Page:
Disclaimer: I’m cheating a little tonight by revisiting a piece I wrote in March of 1999. I wrote this as a reflection during a workshop, but when scanning through documents saved on my computer, on the eve of yet another go-round of FCAT/Florida Writes, I thought this piece had particular significance. And (full disclosure), The Voice starts in about 40 minutes, and although I’m taping it, I really can’t wait to see my old friends Blake, Adam, Shakira, and Usher again! So, here’s some inspiration for you and me—copied and pasted almost 15 years later (am I really this old?):
I’ve been using Super Sentences in my classroom since I returned from Session I (of the workshop). I love them. My students are still undecided.
Since the first week of school I have encouraged interaction with texts. I know that I am way over my copy budget, but I want them to mark up the text. They’ve hated it from the first of the year, and now I think I’ve figured out why they hated it (and recently seem to be hating it less and less each week). They didn’t know what to mark. I’d give them a poem with directions: mark it up—underline phrases that you like, circle, highlight anything that excites you, ask questions—easy directions, I thought.
After a month of Super Sentences, they are really marking the texts. They look for fresh comparisons, dashes, adverb clauses. They want to show off their newfound knowledge. They’re even circling coordinating conjunctions, noting “cc” in the margin! I have not asked for this—my directions have remained unchanged from the first: mark it up. It is their responses that have changed:
- “What? Why did they die? Aliens?” (Rachel Carson’s A Silent Spring)
- “Fish head—gross!” (Li Young Lee’s “Eating Together”)
- “This isn’t a short story.” (F. Scott Fitzgerald’s “Winter Dreams”)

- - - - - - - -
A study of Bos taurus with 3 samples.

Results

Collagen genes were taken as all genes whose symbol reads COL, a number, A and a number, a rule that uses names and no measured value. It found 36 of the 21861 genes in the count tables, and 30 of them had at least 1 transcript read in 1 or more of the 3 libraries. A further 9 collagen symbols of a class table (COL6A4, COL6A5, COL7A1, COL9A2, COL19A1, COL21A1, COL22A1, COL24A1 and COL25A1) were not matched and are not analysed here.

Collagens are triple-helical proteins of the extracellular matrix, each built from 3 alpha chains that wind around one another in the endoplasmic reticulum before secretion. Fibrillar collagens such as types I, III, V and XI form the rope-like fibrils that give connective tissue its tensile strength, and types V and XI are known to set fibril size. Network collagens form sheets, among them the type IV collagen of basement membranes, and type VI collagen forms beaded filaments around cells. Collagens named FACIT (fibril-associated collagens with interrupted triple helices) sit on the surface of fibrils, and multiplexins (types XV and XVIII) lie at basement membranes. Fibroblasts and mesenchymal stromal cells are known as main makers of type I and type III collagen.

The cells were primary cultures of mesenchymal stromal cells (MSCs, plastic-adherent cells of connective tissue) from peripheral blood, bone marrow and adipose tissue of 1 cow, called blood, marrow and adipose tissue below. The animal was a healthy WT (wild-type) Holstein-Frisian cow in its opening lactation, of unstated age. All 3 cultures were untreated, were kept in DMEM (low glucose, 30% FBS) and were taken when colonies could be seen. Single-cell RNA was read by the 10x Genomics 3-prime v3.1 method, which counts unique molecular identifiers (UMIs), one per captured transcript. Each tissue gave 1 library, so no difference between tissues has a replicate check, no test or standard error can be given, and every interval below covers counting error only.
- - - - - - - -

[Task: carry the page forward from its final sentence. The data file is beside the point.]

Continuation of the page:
- “Good use of semi-colons and mixed sentences.” (Isabel Allende’s Paula)
- “Tense mood. Close to discovery. Author likes repetition—effective.” (Jamaica Kincaid’s Annie John)
- “Similes and metaphors in one sentence.” (Annie Dillard’s “Living Like Weasels”)
Although I am very impressed by the effects of Super Sentences on the reading habits of my students, I am electrified by the improvements in their writing. The first essay assignment post-Super Sentences was to write about a personal experience that taught the student something about life. I offer two excerpts:
The epilogue to my tale of childish fright teaches the lesson that things are not always as they appear, and fearing things because of premature judgment only makes one look like a fool. My parents had discovered I was missing and sent the “demon” in search of me. He had seen my friends in front of the graveyard and gone from there. The creature I’d feared so much was reborn “to protect and to serve.” I returned to the graveyard during the daylight and found it to be a peaceful, relaxing, almost beautiful place to be. Graveyards are commonly associated with darkness and evil, yet they are as calm as the flowers that fill them and as pure as the song of the birds that reside there. Who knows what other treasures remain covered by our fears?
After a short while, we reached a cinnamon-hued lookout point, with two benches and a rail intended to keep inattentive gawkers from falling over the cliff edge. Over this could be viewed a great glacier, far below, nestled between two rock beds like a glob of putty that has been sitting in one’s hand long enough to take on its shape, like a mouse snuggled up in a hole it has dug for itself in its bedding. The glacier was an icy brown, its snout the brownest of all, with a muddy stream of meltwater flowing out from underfoot. Though it was a savory view, I tasted only the bitter nagging of hurriedness.
After months of dredging through typical tenth-grade Florida Writes five-paragraph essays, I shuddered at the thought grading another stack of essays—I had paid my dues. As soon as I talked myself into starting, I couldn’t put these essays down! I wanted to grade them. I wanted to read them.
We did Super Sentences and that has made all the difference.
Doesn’t that make you want to teach Super Sentences? I am sorry that I ever let them go–and now they’ve gone so far that I don’t even really remember them! How I could I have forgotten about a strategy that achieved that…in one month? Believe you me, I’m going to dig a lot deeper and will share what I find and how it works with students in today’s classes. In the meantime, I did find one promising link. The target audience is grades 3 – 6 (as for most of my initial Google searches), but it does provide a structure for using the technique and I love the list of topics on page 9—I’ll find many uses for that, even in high school classes.
Anyone a fan of Super Sentences? How do you use them in your classes? Was this just an amazing group of students I had way-back-when or do they really work?